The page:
Apple engineer offers detailed look at development of original iPhone software

Steve_Jobs first iphone

The Wall Street Journal published an interesting interview with Apple senior software engineer Greg Christie yesterday, in which Christie offers a detailed look at some of the events that led up to the original iPhone. Apparently the Cupertino company gave him permission to discuss the development process of the handset.

Admittedly, a lot of the things mentioned we’ve heard before—from book excerpts, court testimonies, etc.—but Christie does provide a few new details. For instance, he says at one point Jobs gave him and his team two weeks to come up with something or he would be reassigning the ‘iPhone software’ project to another group…

Here’s the full anecdote from The Journal:

“In February 2005, Apple’s then chief executive, Steve Jobs, gave senior software engineer Greg Christie an ultimatum. Mr. Christie’s team had been struggling for months to lay out the software vision for what would become the iPhone as well as how the parts would work together. Now, Mr. Jobs said the team had two weeks or he would assign the project to another group.

“Steve had pretty much had it,” said Mr. Christie, who still heads Apple’s user-interface team. “He wanted bigger ideas and bigger concepts.

Mr. Christie’s team devised many iPhone features, such as swiping to unlock the phone, placing calls from the address book, and a touch-based music player. The iPhone ditched the keyboard then common on advanced phones for a display that covered the device’s entire surface, and it ran software that more closely resembled personal-computer programs.

Greg joined Apple in 1996 to work on the Newton, the company’s short-lived PDA project that featured a touchscreen controlled by a stylus. Obviously the project was eventually discontinued after an unsuccessful run, but Christie continued to work at Apple on Mac software and retained his interest in portable computers.

January 2007 iPhone introduction (Steve Jobs, multitouch patented slide)

Then, as he tells it, one day in late 2004, Scott Forstall walked into his office, closed the door and asked if he wanted to work on a secret project. Codenamed “purple, the team would develop a phone with a touchscreen and integrated music player—a product top executives feared could threaten the iPod if built by a competitor.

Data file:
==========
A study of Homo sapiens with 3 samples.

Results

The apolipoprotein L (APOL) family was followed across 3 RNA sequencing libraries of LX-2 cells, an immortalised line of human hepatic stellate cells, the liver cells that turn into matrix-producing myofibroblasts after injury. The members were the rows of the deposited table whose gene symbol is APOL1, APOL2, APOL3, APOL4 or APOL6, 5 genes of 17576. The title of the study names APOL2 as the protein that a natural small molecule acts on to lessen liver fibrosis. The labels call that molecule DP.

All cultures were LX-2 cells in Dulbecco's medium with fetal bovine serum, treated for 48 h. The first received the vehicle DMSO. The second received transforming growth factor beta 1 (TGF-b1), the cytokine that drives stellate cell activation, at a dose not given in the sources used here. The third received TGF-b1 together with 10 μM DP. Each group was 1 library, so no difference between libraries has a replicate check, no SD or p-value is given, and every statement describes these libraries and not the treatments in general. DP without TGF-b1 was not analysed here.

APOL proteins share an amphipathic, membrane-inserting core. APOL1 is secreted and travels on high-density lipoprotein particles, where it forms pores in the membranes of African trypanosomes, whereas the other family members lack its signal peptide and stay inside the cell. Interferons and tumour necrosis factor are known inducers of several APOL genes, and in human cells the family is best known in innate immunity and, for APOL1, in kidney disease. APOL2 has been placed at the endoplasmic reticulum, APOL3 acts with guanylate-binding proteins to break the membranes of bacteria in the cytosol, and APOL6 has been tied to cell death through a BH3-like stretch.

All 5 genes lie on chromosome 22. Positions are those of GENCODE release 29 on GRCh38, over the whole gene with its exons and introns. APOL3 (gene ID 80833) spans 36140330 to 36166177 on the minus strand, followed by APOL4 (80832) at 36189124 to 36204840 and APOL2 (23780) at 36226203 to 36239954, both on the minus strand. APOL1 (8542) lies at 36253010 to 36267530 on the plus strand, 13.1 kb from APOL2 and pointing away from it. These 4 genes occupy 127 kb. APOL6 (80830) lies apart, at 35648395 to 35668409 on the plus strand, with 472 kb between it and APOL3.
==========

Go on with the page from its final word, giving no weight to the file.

Christie describes his original team as ‘shockingly small,’ but together they pored over details like the perfect speed for scrolling lists, and the height of the bounce animation you see when you reach the end. They also “banged their head against the wall” over how to make text messages appear more like separate conversations.

“For several months, Mr. Christie made twice-monthly presentations to Mr. Jobs in a windowless meeting room on the second floor of Apple’s Cupertino, Calif., headquarters. Only a handful of employees had access to the room; cleaning people weren’t allowed in.

The day after Mr. Christie’s team finally impressed Mr. Jobs with its vision of the iPhone software, it had to repeat the presentation for Bill Campbell, an Apple director and close Jobs confidant. Mr. Christie recalled Mr. Campbell saying the phone would be better than the original Mac. Mr. Campbell didn’t return a call seeking comment.

A few days later, Mr. Jobs summoned the team for a third demonstration, this time for Jony Ive, Apple’s design chief. Mr. Ive’s team was designing the glass for the physical device. “He was curious how we were going to pull off that magic trick” of manipulating software, Mr. Christie said. “

With each demonstration, Mr. Christie says Jobs took over more of the narration, making the story his own. “His excitement for it was boundless.” And apparently so was his demand for secrecy. Jobs ordered employees working on the project to encrypt digital images of the device, and to sit in seclusion when working at home.

Eventually Jobs would take his demonstration of the iPhone public, on stage at the 2007 Macworld keynote. Christie says his team would make several more changes to the software before the handset was released in July of that year, and the rest, as they say, is history. I recommend reading the entire Journal interview here.

It’s not surprising that Apple would give its senior software engineer permission to talk about creating the original iPhone on the eve of the start of its second high profile patent trial with Samsung. Christie is credited as an inventor on at least 2 of the patents the Cupertino company intends to discuss in the upcoming trial.